Re: Fear of bedPosted by: Marie Evans
Posted on: November 15, 2002 at 21:45:07
In Reply to: Fear of bed
: Hi, it's me once again. My husband and I are at a loss with Simon. Until recently, Simon slept in his own bed on the floor at the foot of our bed. Unfortunately one night, the bed "gave way" and scared him to death. Since then, he hasn't gone to his bed, and we can understand why. We tried coaxing him by getting into the bed with him for a while (I know, what a sight!) and he submissive urinates. We moved the bed to another area and he still avoids it. We can't crate him - when we adopted him about four months ago, the people at the shelter told us that he was crated and abused while in the crate. Since we have had this problem, we decided to let him sleep wherever his comfort zone is, but its usually in bed with us. If we move during the night, it scares him and he submissive urinates. If we gently try to pick him up, he does submissive urination. We rock him and cuddle him, we don't hit him when this happens. Our vet said he is not ready for obedience school yet due to the abuse. What are we doing wrong? Thank you once again, your advice has been invaluable.
Poor Simon! Well of course he's scared right now, I'm surprised you all aren't in the state of shock with the bed giving way :)
Anyway, seeing the Simon has crate issues at this point, and letting him sleep with you is turning out to be a rather wet experience for you, maybe setting up an ex-pen (which is much larger than a crate might help and putting his bed in there). I'm sorry I can't be of more help with this situation as submissive urinating takes a very long time to correct and usually you cannot totally correct it.
You might want to gate off a room for Simon and put his bed there. Maybe he's just nervous sleeping in your bedroom now and he might feel safer in a different room.
I also have to tell you that while Simon has had a rough life apparently, the more you coddle Simon the more it reinforces his fears. It's good that you are not correcting him for his submissive urination, but you should start to act more like everything is normal around him.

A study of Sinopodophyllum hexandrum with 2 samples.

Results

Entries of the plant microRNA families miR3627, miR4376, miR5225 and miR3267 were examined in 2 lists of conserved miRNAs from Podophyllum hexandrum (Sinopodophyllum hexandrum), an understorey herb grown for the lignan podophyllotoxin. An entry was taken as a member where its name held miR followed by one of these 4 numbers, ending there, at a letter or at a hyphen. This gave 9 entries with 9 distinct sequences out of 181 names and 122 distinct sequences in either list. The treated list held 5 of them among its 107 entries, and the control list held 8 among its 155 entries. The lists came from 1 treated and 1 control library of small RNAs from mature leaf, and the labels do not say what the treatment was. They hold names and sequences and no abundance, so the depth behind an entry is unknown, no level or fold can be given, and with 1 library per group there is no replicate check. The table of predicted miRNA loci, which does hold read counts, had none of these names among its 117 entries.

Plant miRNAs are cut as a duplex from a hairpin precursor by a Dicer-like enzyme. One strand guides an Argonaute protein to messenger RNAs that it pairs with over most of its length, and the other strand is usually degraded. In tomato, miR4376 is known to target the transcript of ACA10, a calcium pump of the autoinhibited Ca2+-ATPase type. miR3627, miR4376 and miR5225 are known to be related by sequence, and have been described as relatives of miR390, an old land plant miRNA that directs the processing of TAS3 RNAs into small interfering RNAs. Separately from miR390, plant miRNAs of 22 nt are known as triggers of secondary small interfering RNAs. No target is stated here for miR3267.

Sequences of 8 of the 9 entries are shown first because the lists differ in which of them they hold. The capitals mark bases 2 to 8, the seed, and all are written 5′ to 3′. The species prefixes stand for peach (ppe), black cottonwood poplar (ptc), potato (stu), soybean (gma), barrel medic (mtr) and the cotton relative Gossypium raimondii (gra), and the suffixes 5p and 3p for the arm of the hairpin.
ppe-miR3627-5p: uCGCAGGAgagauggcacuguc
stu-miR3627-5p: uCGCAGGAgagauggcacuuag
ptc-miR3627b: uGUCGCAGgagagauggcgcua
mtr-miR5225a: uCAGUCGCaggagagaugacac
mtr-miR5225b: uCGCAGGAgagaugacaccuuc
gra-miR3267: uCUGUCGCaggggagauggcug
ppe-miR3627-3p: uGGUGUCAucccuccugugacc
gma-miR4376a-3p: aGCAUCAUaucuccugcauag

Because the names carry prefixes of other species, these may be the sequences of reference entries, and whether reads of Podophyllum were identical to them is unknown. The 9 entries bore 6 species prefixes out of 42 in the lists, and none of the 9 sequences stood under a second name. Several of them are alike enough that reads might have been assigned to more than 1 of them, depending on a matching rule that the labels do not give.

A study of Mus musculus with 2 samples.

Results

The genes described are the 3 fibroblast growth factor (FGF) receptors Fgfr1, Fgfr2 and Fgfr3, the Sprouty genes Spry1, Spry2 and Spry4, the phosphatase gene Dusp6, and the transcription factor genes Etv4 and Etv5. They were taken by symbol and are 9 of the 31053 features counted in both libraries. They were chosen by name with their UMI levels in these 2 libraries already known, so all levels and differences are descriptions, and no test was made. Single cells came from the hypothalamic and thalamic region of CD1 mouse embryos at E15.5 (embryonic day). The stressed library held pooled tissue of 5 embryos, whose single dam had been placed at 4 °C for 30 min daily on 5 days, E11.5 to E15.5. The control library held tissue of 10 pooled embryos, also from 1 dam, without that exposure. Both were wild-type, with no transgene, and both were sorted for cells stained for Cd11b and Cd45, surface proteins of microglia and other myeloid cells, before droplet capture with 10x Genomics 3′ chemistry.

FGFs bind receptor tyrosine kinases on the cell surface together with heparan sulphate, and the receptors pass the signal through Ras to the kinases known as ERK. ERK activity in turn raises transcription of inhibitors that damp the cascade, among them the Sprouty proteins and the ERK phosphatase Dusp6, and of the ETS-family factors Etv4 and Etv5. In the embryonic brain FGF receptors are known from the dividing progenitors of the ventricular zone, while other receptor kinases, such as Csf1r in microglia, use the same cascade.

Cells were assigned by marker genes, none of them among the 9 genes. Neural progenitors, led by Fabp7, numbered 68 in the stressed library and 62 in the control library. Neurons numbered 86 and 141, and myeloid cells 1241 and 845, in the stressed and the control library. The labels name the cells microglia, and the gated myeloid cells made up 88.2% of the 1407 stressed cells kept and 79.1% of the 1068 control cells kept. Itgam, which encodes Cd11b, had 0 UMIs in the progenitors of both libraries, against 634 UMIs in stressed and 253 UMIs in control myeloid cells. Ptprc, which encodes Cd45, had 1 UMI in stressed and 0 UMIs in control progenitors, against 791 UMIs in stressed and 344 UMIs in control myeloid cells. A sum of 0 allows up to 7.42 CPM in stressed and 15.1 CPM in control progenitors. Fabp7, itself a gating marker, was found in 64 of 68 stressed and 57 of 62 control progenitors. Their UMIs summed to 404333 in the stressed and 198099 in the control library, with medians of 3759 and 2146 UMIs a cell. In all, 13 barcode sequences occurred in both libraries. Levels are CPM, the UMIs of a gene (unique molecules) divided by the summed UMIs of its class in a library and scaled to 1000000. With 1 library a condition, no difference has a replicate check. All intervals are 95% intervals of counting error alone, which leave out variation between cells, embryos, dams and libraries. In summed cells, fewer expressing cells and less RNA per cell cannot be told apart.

When Simon gets a little scared all you have to do in a pleasant voice is say something like "It's okay Simon, come on!" The more you move around your home in a normal manner the more Simon will relax. It might not happen overnight but it will happen.
This is one of the things we tell people that have dogs that are scared of thunderstorms. If you pick them up and coddle them it just tells them they are right to be scared.
When we first got Brody, our rescue, he was horrible during thunderstorms. We prayed we wouldn't get one in the middle of the night because we would be up all night dealing with a dog going ballistic (lots of barking related to fear)lol! Anyway to make a long story short, our other terrier that we raised as a pup has always been cool, calm and collected even during the most severe storms. Why? Because we never made a big deal out of storms, we just continue on with whatever we are doing. Okay we might cuss if our satellite goes out during a program haha! But you see what I am driving at? At normal, the dog acts normal. Well it took time with Brody, but now he is almost as calm as my other terrier, in fact both of them just lay around during one and the only time Brody will even bark (and not near as much as he used to) is if a crack of lightening hits very close to the house. Brody is a type A personality though lol!
I am not sure I agree with your vet about obedience school. Obedience school usually helps a dog build its self confidence. Just find one that offers positive reinforcement. It will probably be good for Simon to be socialized and it's a great bonding experience for you and him.